One cannot miss the classical photograph in a corner of Bengaluru's bustling KR Market that shows Krishnaraja Wadiyar IV- the name behind one of the biggest flower markets in Asia- seated majestically on an elephant. Apart from this, the state capital also has the Silver Jubilee Park that was renamed to commemorate 25 years of the Maharaja's rule in Mysore.
Even the pioneering Indian Institute of Science (IISc) in Bengaluru was made functional in his reign although the institute was initiated by his mother Maharani Vani Vilas Sannidhana while serving as the regent.
Maharaja Krishnaraja Wadiyar IV, the 24th Maharaja of Mysore is hence emphatically the most influential ruler Karnataka has ever had.
The Wadiyar dynasty ruled Mysore for over 500 years since 1399. Profoundly, the Wadiyar rulers are the most remembered and acknowledged administrators of Karnataka, chiefly for their people-friendly style of administration.
Few among the renowned Maharajas from the dynasty are Chamarajendra Wadiyar X, Krishnaraja Wadiyar III, Krishna Raja Wadiyar IV, Jayachamarajendra Wadiyar and Kanteerava Narasimharaja Wadiyar.
Born on 4 June 1884, Maharaja Krishna Raja IV had lost his father when he was just 11 years old. His mother then took the state's rule till the young Maharaja attained the age of majority.
In 1902, there thus heralded a new era for the erstwhile state of Mysore under Maharaja Krishna Raja, who is also known as Nalwadi Krishnaraja Wadiyar.
The richest ruler in history
According to the sources, the Maharaja was one of the richest men on earth with his total wealth estimated around US $400 million in 1940. In terms of the present values, it becomes a whopping $7 billion, although a major portion of this wealth was contributed to the state's educational institutions and other developments.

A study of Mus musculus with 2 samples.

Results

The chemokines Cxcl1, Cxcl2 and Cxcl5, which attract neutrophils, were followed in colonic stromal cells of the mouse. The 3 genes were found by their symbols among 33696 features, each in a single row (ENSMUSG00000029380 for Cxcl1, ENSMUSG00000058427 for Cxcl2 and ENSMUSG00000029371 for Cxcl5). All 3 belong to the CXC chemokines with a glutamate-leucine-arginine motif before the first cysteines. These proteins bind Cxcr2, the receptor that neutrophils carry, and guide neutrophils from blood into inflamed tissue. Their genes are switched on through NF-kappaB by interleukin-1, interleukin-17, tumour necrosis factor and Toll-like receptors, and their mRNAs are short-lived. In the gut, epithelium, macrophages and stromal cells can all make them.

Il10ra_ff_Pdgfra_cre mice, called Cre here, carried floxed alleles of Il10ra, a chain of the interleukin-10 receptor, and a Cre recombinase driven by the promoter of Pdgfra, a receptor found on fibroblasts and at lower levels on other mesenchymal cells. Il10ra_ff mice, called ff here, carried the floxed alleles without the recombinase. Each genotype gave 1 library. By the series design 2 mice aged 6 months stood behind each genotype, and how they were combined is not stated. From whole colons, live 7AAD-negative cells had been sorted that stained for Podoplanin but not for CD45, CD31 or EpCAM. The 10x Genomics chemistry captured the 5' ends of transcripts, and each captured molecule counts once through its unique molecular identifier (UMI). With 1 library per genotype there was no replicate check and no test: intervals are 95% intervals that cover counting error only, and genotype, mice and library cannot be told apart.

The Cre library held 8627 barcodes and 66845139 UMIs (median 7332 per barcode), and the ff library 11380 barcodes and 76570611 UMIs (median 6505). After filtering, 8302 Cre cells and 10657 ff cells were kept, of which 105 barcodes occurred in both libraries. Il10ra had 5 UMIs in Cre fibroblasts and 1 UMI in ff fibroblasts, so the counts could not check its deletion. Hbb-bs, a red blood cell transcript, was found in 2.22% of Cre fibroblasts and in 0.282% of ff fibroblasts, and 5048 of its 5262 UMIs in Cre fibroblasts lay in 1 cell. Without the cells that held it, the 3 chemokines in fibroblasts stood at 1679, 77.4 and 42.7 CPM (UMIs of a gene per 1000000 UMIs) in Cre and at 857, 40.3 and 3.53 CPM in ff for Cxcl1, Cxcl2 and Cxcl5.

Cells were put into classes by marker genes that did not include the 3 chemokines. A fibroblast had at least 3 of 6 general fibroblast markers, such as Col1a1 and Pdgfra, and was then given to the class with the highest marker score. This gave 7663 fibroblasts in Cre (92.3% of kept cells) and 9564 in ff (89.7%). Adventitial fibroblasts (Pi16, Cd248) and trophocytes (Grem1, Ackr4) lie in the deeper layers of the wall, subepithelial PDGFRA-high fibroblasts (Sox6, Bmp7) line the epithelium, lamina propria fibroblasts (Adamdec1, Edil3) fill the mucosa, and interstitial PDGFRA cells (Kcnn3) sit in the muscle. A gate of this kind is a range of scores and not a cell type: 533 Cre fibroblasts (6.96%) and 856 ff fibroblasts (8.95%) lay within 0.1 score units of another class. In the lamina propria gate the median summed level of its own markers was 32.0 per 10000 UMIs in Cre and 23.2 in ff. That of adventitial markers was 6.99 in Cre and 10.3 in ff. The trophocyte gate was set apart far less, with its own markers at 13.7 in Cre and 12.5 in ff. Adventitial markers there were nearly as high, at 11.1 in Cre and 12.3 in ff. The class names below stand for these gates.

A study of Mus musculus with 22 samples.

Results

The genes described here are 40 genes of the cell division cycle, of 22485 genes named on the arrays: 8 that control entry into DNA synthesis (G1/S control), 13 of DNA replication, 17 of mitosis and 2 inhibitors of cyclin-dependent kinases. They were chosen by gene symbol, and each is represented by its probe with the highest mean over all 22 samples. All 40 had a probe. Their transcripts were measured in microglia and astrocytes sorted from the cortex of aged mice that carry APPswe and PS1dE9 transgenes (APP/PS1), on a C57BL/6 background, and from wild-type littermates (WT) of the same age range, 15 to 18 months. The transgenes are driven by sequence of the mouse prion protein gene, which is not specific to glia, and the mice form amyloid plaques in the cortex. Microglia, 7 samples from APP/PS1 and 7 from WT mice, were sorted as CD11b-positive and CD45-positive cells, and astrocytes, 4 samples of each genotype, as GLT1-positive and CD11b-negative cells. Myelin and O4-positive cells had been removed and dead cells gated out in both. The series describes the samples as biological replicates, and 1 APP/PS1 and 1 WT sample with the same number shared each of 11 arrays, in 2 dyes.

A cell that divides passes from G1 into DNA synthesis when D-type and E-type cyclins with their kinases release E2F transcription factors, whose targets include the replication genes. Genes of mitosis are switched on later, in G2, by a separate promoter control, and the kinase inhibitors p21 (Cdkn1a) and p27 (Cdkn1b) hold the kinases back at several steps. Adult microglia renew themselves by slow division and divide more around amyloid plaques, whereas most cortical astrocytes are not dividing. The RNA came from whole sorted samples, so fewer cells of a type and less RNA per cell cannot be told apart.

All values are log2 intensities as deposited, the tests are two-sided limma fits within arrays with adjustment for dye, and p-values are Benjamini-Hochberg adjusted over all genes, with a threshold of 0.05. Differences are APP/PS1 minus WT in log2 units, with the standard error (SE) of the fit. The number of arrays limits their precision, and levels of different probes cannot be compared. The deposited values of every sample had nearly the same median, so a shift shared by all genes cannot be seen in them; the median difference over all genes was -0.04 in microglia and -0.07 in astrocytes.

Crowned at a very early age of 10 years, the Maharaja soon proved his mettle in state administration. Under his rule, says the historians unanimously, Mysuru had its 'golden age.'
"Mysore is the best-administered state in the world," commended Lord John Sankey at the Round Table Conference held in London in 1930.
The most visionary ruler to the state ever, the Maharaja in fact laid the foundation stone to a new India.
Developing educational infrastructure
In 1913, he introduced compulsory primary education, and two years later, he directed all the public schools to give up caste discrimination and admit Dalit students in its classes.
On witnessing Jamshetji Tata's keen interest in establishing a high tech institute, the king generously donated 400 acres of lush green land near Malleshwaram for the project. In addition to this, he was also instrumental in starting Mysore University, the first-ever university in India outside the scope of British administration.
Impressed by his supreme, admirable skill in state administration, renowned English statesman Lord Samuel compared the Maharaja with Emperor Ashoka, the Great. He was called 'Rajarshi' (saintly king) by Mahatma Gandhi.
A student of Western Studies, Kannada, Sanskrit, and classical music, Maharaja has done commendable works on developing the tourism prospects of the state.
Mysore Palace is one of the top tourist destinations in the world. In its list by the New York Times on the highly recommended tourist destinations, Mysore has been featured among the top 5 in the world for consecutive years.
On 3 August 1940, the Maharaja breathed his last.